Dashboard Week: Monday

by Valerija Kirjackaja

For DS21’s Dashboard Week, Andy chose the theme of Environment.  For our first project on Monday, we were asked to look at water temperature changes in the Gulf of Mexico. The data set contained observations gathered from several agencies around the Gulf of Mexico and covered the time period between 1922 and 2014.

After downloading the data and exploring it in Tableau, I decided to focus on changes in average and maximum observed temperatures. I noticed, however, that some of the MAX values were extremely high, so I decided to have a look at the dataset in Alteryx as the file contained over 8 million rows. After sorting temperature values in a descending order, I saw that some records showed 3 and 4-digit temperatures, which was clearly too high for sea water, so I decided to exclude those. The challenge was to establish the correct cut-off point for exclusion as there were also temperatures showing 99, 78, 50 degrees etc. The measurement column said all values were supposed to be in Celsius, so after doing some additional research on highest water temperature in the region, I decided to only keep values under 40 degrees. I also excluded negative temperature values and observations between 1922-1973, as well as year 2014, as there were too few records in those years.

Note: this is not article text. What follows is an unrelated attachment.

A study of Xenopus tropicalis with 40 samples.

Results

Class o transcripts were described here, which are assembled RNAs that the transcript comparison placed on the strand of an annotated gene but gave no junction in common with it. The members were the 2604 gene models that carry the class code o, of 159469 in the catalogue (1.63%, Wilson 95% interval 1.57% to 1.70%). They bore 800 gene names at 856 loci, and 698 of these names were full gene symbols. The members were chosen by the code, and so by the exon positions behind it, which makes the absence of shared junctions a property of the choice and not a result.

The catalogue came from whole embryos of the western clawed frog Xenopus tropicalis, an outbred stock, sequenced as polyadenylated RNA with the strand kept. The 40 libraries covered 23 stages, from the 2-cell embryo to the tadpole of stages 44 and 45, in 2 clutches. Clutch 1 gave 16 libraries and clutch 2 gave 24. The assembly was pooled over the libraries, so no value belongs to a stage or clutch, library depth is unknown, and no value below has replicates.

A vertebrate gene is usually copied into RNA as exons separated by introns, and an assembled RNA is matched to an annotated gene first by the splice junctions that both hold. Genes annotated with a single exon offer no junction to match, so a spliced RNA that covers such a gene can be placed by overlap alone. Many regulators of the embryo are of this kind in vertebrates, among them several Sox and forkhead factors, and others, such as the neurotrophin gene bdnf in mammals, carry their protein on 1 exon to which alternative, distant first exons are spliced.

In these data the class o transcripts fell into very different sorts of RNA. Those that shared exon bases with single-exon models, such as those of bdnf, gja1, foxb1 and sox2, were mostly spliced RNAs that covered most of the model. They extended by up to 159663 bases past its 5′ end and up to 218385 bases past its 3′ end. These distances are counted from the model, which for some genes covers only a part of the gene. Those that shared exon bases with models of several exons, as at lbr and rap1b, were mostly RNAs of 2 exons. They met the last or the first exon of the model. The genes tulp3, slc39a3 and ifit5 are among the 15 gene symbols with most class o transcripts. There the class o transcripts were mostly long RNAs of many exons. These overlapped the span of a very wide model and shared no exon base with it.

After bringing the new hyper file into Tableau, I quickly rejected the idea of trying to build any maps, and exploring which locations have seen the highest rise/drop in temperatures over time as data processing was taking too long, even working with an extract. So, I decided to focus on a couple of charts that would show the spread of observations best: heatmap, barbell chart and a box and whisker plot.

For the barbell chart and the box and whisker plot, I looked specifically at the difference between 1973 and 2013, and found that although the average yearly temperature only increased by 1 degree Celsius, the difference in highest observed temperatures was more significant.

I also included two line charts, one showing the overall trend in average, highest and lowest temperature over the 40 years, and the other one looking at monthly patterns across all years.